Last Updated: Sept. 22, 2011

Gannett Peak - Gooseneck Ridge, August 2011

Recalling the good 'ol days of road trips past, I set forth to explore the Beartooth and Wind River mountain ranges. Specifically, I took a week off to bag the Montana and Wyoming state highpoints - Granite Peak and Gannett Peak. Each being well over 12,000ft in elevation, these oft-visited summits offer sweeping vistas over some of the more scenic mountainous areas of the lower 48 states. I proceeded to climb Gannett following success on Granite a couple days prior.

70 miles to the southeast of the iconic Grand Teton and situated in the heart of the Wind River Range stands 13,804-foot Gannett Peak. Gannett sits on the border between two large wilderness areas, the Bridger and the Fitzpatrick. The mountain is the most remote of all the state high points in the lower 48 states. Using the primary route, it is a 40-mile round-trip to the summit from the trailhead. The climb involves trail hiking, some cross-country travel, scrambling and glacier travel.

Arriving in Pinedale late the morning of August 2nd, I checked in at the local outdoor shop for some last minute supplies and a conditions update before I was off kicking dirt on the Pole Creek Trail. Fremont Lake is the second largest natural lake in Wyoming. Located just four miles from Pinedale, this lake is eleven miles long and ½ mile wide. Most of the lake is within the Bridger-Teton National Forest, consequently, most of the shoreline is undeveloped and in its natural setting at the base of the Wind River Mountains. A great place to wash-up after climbing Gannett!

Seneca Lake is one of the larger lakes on the hike to Titcomb Basin. I hiked past a number of smaller but also very scenic lakes to get here: Eklund Lake, Barbara Lake, Hobbs Lake etc, and as you might guess with all that water sitting around there are also lots and lots of mosquitos to 'help' one keep up the pace! Island Lake is about 10 miles in and makes for an ideal place to stop and make camp if doing the approach to Titcomb Basin in two days (or if you started hiking in the afternoon as I did). Island Lake is unfortunately also a very popular place for backpackers, so don't come here expecting a quiet wilderness experience.

Swarming mosquitos inspired some creative alternatives to bug juice, that is until I couldn't stand it any longer and barricaded myself in the tent for the rest of the evening. Seriously folks, the bugs here are as bad as they get! Do not forget to bring a head net. Since I had an easy approach day ahead of me, I slept in that morning allowing the sun some time to dry my tent from the previous night's rain. Oh, and you'd think that the bugs would gradually diminish the higher one gets in Titcomb Basin, but holy hell did it ever get worse before finally improving! After a day-and-a-half of easy hiking, I could at last revel in the mosquito-free sunshine with only a passing hailstorm to briefly interrupt the peace. I witnessed a number of parties returning from successful summit bids as the afternoon wore on, but nobody it seemed was planning on going up the following day. Is it possible that I'd have the summit to myself?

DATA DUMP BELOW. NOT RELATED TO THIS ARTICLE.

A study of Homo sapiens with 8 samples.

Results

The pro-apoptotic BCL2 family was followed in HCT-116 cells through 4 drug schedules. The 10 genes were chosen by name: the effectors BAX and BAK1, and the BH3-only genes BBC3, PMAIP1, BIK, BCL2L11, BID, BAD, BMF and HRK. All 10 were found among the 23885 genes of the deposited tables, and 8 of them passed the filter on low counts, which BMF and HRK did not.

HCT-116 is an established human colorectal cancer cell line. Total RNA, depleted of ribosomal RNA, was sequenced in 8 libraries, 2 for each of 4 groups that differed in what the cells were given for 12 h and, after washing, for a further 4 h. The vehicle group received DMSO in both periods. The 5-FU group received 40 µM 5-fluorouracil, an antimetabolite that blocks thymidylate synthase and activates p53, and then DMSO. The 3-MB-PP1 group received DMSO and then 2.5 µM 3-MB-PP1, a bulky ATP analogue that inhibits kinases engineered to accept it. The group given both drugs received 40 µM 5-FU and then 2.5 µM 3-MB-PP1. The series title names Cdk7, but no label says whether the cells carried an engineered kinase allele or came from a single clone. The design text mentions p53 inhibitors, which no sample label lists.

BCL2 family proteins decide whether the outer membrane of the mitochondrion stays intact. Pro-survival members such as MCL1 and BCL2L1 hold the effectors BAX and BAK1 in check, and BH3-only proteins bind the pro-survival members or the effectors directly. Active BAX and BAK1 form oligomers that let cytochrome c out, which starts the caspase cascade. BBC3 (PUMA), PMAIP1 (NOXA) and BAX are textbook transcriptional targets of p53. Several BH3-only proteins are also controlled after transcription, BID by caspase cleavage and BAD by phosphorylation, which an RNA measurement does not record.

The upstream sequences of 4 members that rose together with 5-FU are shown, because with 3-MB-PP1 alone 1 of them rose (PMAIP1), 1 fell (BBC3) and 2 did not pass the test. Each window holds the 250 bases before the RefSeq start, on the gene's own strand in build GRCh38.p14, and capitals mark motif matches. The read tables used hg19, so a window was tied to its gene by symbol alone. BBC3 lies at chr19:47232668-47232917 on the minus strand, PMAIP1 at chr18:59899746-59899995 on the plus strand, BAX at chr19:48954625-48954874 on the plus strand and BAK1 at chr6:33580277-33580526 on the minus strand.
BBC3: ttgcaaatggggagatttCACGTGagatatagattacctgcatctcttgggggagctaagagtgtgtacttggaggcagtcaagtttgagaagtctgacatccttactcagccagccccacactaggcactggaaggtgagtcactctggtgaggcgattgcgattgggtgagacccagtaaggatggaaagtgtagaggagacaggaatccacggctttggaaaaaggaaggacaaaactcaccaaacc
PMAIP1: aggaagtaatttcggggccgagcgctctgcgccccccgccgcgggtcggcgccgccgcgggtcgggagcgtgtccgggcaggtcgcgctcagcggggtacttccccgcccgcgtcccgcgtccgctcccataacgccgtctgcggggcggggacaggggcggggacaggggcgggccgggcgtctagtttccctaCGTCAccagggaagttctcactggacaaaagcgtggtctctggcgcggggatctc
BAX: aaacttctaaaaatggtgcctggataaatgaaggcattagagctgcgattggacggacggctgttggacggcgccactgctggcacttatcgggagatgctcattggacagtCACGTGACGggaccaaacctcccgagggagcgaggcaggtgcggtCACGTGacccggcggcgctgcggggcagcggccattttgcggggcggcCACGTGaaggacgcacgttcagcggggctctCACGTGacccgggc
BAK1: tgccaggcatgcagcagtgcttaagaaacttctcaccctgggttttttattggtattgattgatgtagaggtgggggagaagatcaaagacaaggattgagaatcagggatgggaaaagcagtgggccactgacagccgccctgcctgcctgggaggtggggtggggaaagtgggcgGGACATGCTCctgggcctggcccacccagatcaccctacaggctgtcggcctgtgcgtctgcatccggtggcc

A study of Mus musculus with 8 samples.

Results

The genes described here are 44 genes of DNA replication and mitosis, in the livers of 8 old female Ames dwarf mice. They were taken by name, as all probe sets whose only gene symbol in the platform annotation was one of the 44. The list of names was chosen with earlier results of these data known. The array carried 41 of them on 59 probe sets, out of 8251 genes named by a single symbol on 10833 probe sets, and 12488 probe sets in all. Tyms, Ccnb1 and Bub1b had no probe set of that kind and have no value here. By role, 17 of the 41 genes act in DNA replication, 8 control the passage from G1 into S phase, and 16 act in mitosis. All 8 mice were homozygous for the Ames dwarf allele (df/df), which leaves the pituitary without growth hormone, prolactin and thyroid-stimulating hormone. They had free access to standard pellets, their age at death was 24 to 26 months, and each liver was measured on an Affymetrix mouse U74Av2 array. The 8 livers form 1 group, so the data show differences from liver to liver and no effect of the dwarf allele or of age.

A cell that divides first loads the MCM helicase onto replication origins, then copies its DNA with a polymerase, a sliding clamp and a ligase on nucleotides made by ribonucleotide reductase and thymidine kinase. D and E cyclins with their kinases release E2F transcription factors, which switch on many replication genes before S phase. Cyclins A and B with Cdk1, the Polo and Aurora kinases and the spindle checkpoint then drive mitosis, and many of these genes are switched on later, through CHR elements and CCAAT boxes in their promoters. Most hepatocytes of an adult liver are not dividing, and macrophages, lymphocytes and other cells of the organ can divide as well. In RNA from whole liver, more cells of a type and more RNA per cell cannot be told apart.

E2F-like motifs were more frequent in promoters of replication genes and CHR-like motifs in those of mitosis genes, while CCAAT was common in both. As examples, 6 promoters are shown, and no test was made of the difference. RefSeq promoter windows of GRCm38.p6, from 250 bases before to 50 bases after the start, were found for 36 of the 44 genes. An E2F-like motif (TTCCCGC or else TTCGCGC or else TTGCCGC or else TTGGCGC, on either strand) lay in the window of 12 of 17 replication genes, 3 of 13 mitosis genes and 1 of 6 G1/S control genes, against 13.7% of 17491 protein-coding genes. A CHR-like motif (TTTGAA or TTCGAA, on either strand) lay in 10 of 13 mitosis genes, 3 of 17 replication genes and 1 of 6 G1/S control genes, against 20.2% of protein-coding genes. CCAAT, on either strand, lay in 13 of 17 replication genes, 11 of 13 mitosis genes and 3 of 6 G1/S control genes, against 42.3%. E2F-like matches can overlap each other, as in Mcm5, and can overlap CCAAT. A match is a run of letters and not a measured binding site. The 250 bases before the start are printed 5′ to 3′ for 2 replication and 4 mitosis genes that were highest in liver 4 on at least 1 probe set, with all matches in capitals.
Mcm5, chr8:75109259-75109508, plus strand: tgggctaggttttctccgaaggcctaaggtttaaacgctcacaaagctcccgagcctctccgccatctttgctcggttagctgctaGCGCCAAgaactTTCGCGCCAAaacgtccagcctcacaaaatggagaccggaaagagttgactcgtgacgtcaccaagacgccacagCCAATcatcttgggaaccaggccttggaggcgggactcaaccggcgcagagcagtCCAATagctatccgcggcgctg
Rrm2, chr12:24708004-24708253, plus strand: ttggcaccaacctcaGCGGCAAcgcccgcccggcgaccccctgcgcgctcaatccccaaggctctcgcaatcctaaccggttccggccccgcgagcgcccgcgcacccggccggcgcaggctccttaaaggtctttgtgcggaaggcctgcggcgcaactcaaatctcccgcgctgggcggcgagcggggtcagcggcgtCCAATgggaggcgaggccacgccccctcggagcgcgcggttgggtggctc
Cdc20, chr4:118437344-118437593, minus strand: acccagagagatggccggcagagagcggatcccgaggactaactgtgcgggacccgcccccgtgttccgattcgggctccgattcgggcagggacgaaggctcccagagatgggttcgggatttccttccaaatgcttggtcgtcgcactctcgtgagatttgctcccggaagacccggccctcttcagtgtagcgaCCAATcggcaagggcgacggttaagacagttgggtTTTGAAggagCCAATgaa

I left camp around dawn and made good time kicking steps up to Bonney Pass where I would meet the only other party on the mountain that day - Brett from Bend Oregon. A moderately steep and firm snow descent down the other side of the pass delivered us to the glacier flats flanking Gannett's east side. An aesthetic snow arete lead towards Gooseneck Ridge. From here we continued up and right over snow and a bit of rubble towards a low saddle on the ridge proper before finally turning left and proceeding upwards. Avoiding a steep glacier pitch at right, we traversed left up a snowy headwall and then scampered up talus and boulders to reach lower-angled snow again. We followed this to the base of the notorious bergshrund which we booted up without any difficulty to gain Goosneck Ridge proper.

Easy walking over talus and scree with increasingly grand views in all directions finally brought us up to the large snowfield below the summit. A bit of a snow arete at the top of the aforementioned snowfield made for a classic finish. A short pitch of easy scrambling then lead to Gannett's summit where if it's a nice day you'll find it very hard motivating yourself to leave. Named in 1906 for American geographer Henry Gannett, Gannett Peak is the apex of the entire Central Rockies; the largely continuous group of the chain occupying the states of Wyoming, Idaho and Montana. Gannett Glacier, which is likely the largest single glacier in the American portion of the Rocky Mountains, flows down from the northern slopes of the mountain.

What should have been a pleasant final evening in the Winds, however turned into a terrifying night of hurricane-force winds, torrential rains, thunder and lightning flashes lasting 10 seconds or longer! I cannot recall the last time I shivered with fear quite like I did during those tense early morning hours, but rest assured there's nothing like a 'little' inclement weather to put the fear of God in you! Hiking out from Titcomb Basin the next morning, we enjoyed an inexplicably mosquito-free ~8 hour hike back to the trailhead. I'm not sure if they all perished due to the noticeably cooler weather or were simply blasted by the intense winds over into South Dakota. I guess if there's a silver lining to the crazy thunderstorm we experienced, this would be it. Just be careful what you wish for next time Brett...evidently your prayers for "no more mosquitos please" were heard loud and clear!